It was adorable, but also terrifying. At110 lbs. (50 kilograms), it roamed the shallow, swampy waters of ancient China, likely spending its days swimming and looking for shellfish. But did it also hunt other things?

An artist’s rendition of the massive, prehistoric otters. (Mauricio Antón)

It’s the largest of all otters we’ve ever found.

“This extinct otter is larger than all living otters,” said study lead researcher Xiaoming Wang, a curator of vertebrate paleontology at the Natural History Museum of Los Angeles County in California.

The first fossil was discovered in 2010 but as it so often happens, it was too fragile for a serious reconstruction. It was also flattened, which brings extra problems. But the remains — which included an 8 inch (21 cm) skull and teeth — did give solid indications about the animal’s stature and lifestyle, hinting that they were on to something special. For instance, scientists found that the molars had actually evolved at least four separate times among other otter species, indicating that this species doesn’t share a common ancestor with other otters – it evolved on its own.

“The skull was unlike [that of] any other animals found so far, and that’s when we realized that this is something unique and important,” Wang told Live Science.

Still, reconstruction was not possible, so they had to attempt something else, something even more interesting: a virtual reconstruction.


It’s kind of like a 3D jigsaw puzzle done on a computer. You take the fossils you have and see how they might fit together; then, you start to think about what could fill in the holes.

Because the skull was flattened like a pancake, researchers did a computed tomography (CT) scan of the fossil. Each color in this digital scan represents an individual fragment.
Image credits: Stuart C. White

While their virtual reconstruction does provide some answers, the study raises even more questions — particularly, why was the otter so big? Does its size reflect the size of its prey, or is there some other reason why it evolve to become so big? Usually, when carnivores grow so large, it’s because they want to eat other large animals, but the otter’s skull seems to indicate that it ate mollusks, so there would be no need for such a huge size. The reason for this might be that unlike modern otters, this ancient one wasn’t so smart.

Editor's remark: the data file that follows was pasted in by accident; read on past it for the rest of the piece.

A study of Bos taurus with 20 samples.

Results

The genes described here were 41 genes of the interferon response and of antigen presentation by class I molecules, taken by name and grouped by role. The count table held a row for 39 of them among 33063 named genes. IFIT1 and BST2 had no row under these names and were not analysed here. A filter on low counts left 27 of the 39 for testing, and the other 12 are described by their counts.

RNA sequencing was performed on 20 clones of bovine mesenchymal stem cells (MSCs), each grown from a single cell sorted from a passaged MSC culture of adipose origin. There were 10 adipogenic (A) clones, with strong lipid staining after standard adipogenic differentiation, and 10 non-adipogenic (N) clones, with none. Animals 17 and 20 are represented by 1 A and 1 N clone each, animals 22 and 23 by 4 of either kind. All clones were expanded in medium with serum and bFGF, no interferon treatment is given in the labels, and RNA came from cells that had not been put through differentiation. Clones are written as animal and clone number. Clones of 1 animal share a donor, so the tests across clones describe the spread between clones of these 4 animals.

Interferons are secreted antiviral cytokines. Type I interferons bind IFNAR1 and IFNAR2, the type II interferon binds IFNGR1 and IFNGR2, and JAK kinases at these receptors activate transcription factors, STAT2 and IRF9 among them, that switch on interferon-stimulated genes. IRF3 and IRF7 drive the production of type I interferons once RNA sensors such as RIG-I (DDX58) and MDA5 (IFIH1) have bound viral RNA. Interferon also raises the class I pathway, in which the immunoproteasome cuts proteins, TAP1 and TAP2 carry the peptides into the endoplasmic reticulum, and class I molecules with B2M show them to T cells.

Modern otters also like to crack mollusks, but they use tools to do so (sticks and stones). If the ancient species hadn’t figured out how to do so, then maybe it relied only on its raw strength and therefore needed to grow a big, strong skull.

The team also wants to figure out how the otter got on, both on land and in water and what its environment was generally like.

“We are working to answer questions regarding its paleobiology, like, ‘How did it swim? How did it move on the ground? Why is it so large?'”

Journal Reference: Xiaoming Wang, Camille Grohé, Denise F. Su, Stuart C. White, Xueping Ji, Jay Kelley, Nina G. Jablonski, Tao Deng, Youshan You & Xin Yang. A new otter of giant size, Siamogale melilutra sp. nov. (Lutrinae: Mustelidae: Carnivora), from the latest Miocene Shuitangba site in north-eastern Yunnan, south-western China, and a total-evidence phylogeny of lutrines.